The drugs were seized in Turbo, a port city in the heart of Uraba, the region from where the neo-paramilitary group “Los Urabeños” operate.

The cocaine allegedly belonged to the drug trafficking group, the second largest illegal armed group in Colombia after the left-wing FARC rebel group.

The drugs was found in a banana farm just outside the port city when some 50 members of Colombia’s special forces, supported by two Black Hawk helicopters, raided the building.

The drugs were hidden in a six-feet deep underground shelter of measuring 21 by 11 feet that had been covered with cement, the National Police said.

The mass shipment allegedly belonged to “Gavilan,” a former member of paramilitary organization AUC, who followed his now-superior “Otoniel” to join the Urabeños in defiance of the paramilitaries’ demobilization between 2003 and 2006.

According to authorities, the record-breaking seizure added to what already was a record-breaking first four months of the year, during which 87.5 metric tons of cocaine was seized.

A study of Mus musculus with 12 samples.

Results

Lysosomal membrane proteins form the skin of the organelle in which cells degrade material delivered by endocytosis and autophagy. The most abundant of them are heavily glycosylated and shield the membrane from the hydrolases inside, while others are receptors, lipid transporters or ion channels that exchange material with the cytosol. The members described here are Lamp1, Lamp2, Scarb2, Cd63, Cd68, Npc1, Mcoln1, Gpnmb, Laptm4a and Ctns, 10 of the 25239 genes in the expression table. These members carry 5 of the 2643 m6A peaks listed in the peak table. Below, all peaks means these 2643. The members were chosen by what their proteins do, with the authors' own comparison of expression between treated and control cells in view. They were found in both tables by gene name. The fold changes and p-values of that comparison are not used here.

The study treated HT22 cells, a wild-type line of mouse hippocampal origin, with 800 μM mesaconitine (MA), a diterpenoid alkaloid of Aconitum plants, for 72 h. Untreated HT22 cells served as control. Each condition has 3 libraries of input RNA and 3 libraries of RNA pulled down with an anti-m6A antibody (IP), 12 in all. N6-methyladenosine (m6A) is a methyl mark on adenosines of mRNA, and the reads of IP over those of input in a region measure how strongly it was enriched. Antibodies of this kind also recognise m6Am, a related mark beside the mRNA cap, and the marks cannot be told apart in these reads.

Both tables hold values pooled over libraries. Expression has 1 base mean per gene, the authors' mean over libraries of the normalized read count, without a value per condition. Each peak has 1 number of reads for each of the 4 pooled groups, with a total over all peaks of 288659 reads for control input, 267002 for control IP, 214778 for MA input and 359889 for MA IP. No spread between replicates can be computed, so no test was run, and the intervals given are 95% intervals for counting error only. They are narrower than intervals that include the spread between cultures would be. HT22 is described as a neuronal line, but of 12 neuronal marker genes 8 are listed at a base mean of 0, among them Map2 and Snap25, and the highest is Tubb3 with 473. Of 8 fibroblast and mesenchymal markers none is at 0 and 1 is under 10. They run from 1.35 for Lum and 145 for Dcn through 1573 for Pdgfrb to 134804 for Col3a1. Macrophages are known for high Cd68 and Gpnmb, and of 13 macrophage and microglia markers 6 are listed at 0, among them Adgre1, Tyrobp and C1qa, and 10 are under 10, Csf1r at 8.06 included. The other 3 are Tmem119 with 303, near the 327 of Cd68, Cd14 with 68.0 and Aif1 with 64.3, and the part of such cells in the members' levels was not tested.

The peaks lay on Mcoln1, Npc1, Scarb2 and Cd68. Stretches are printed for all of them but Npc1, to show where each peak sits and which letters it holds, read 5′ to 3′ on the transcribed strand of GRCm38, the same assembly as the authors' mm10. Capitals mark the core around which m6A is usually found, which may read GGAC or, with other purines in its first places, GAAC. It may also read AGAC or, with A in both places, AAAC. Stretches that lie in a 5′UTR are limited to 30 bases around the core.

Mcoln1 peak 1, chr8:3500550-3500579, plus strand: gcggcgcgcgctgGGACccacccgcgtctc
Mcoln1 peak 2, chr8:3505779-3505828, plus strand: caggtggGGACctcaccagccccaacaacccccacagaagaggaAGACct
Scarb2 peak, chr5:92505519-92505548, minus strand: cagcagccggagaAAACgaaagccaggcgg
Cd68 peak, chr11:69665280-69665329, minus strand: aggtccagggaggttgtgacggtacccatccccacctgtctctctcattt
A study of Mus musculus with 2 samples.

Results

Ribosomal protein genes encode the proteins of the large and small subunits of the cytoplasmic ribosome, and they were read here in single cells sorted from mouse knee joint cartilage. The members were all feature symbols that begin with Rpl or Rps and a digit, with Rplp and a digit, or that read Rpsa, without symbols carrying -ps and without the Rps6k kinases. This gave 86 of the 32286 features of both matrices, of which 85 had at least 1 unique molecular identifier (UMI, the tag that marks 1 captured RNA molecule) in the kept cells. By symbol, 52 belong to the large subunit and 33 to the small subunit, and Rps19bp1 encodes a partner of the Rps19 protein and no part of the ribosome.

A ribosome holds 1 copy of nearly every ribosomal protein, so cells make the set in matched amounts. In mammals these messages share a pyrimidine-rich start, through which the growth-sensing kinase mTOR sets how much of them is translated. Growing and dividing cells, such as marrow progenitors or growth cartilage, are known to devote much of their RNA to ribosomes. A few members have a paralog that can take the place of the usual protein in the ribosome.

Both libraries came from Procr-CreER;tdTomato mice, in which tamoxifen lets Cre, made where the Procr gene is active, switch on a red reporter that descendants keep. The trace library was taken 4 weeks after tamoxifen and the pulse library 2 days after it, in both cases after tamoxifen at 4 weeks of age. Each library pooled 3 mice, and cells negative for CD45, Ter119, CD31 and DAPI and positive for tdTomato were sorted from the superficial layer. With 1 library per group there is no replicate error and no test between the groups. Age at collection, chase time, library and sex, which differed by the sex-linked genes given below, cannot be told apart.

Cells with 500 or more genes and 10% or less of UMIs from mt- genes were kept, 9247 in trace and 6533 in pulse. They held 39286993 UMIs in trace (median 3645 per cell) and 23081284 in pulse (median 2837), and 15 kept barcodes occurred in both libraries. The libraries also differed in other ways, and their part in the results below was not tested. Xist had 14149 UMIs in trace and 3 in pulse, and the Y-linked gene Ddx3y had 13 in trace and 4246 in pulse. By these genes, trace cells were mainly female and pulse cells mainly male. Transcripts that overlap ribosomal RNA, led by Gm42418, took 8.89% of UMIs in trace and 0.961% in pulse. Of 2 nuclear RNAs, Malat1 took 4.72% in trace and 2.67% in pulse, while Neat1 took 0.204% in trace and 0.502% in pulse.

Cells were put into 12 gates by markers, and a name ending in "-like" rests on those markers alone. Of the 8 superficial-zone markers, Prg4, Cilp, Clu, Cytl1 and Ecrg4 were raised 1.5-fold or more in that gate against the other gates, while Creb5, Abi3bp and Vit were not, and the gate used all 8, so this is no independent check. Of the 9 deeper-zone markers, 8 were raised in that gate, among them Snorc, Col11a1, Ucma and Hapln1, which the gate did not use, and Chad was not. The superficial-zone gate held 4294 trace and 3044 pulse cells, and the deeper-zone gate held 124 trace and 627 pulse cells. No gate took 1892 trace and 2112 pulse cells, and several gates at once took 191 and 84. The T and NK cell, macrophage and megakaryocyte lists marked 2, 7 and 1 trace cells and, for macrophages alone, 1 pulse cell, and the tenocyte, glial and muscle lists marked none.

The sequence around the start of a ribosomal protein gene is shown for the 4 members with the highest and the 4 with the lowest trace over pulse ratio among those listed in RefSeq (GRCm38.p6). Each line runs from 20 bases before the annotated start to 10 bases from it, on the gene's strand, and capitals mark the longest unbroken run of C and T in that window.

The area around Turbo has been the scene of the biggest manhunt since Pablo Escobar as state agents are trying to find Otoniel or second-in-command capos like “Gavilan.”

The Urabeños, or Gaitanista Self-Defense Forces of Colombia, have been sowing terror along the Pacific and Caribbean coastlines of Colombia where the neo-paramilitaries ship the drugs to allied Mexican drug cartels for consumer markets in the United States and a myriad of organizations responsible for distribution in Europe.

The group frequently clashes with leftist rebel groups FARC and ELN, that also have a stake in the drug trade.

Last week, the UN announced that the violence fueled by the criminal rivalry has displaced more than 6,000 from the Pacific region of Colombia in the past few months alone.
Read more Colombia claims biggest cocaine seizure in history

From Colombia Reports. Click here to go there.